The Landmarks program, which arranges for various sculptures and artworks to be displayed across campus, is entering its fifth year of existence and will open its latest piece, James Turrell’s “The Color Inside,” this month.
The Landmarks program launched in 2008 to serve as the University’s public arts program and now contains 35 works, including Turrell’s “Skyspace” at the Student Activity Center. Andree Bober, director for the program since its inception, said the goal of Landmarks is to complement the University’s open spaces and walkways with various and diverse works of art.
“I think that a vibrant public art program should be representative of all the different kinds of production that artists make,” Bober said.
Most of the works under the program do not belong to the University. In 2008, the Metropolitan Museum of Art in New York loaned the program a collection of 28 artworks that it no longer had space for. Although the University does not own them, the works are displayed on campus through a long-term loan.
“I expect the sculptures to be here for generations,” Bober said. “I don’t think they’re going to be recalled. As far as I can see and imagine into the future, they’re here. They’re for us to be able to enjoy them.”
The University has been adding more projects to the program since it established its agreement with the museum. Each year, the program receives 1 to 2 percent of revenue from the UT System’s Capital Improvement Program, which funds construction and renovation projects at System institutions.
The program acquires art by either purchasing existing works or commissioning new works of art from an artist, Bober said.
Each art project must be approved during an extensive process that runs through several officials and committees at the University, from the Landmarks Advisory Committee to President William Powers Jr., Bober said. Occasionally, the UT System Board of Regents must have final approval. To approve additions to the program, Bober said University officials must determine whether or not each project fits a set of criteria. For example, no project can make a political statement or be unsafe.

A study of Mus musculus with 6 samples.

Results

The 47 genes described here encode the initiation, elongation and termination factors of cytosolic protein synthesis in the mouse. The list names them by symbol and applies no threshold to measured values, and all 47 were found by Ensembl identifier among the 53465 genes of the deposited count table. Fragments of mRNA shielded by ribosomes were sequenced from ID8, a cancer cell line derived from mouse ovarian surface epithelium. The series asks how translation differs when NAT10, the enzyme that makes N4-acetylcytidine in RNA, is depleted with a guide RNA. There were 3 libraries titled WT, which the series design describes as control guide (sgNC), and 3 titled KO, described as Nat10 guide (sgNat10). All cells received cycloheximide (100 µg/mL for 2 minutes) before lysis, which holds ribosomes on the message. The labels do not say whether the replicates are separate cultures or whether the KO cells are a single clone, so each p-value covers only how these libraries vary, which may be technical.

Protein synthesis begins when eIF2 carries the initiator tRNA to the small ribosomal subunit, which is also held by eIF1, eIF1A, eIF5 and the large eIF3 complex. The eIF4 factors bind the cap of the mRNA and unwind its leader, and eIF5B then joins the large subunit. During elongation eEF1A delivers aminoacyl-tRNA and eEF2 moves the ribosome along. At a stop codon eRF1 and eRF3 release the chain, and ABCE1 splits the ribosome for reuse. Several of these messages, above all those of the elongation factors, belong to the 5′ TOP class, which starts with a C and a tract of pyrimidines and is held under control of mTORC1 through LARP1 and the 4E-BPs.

Robin Williams, the student representative on the advisory committee and an art history graduate student, said the Landmarks program strongly contributes to the appearance of the campus.
“We’re, in a sense, connecting our community to a significant cultural community outside of us,” Williams said.
To help conserve the artworks, the program uses a group of student interns called the Landmarks Preservation Guild. The interns learn about art conservation while taking care of the different sculptures and works across campus.
Sarah Hunter, guild member and historic preservation graduate student, said each work of art must be taken care of differently because of its materials, structure and location on campus. Hunter said most of the work involves inspecting the art piece.
“A large portion of your time spent with the sculpture is not actually touching the sculpture or cleaning it,” Hunter said. “It’s really observing the changes and observing the piece on a very intimate level.”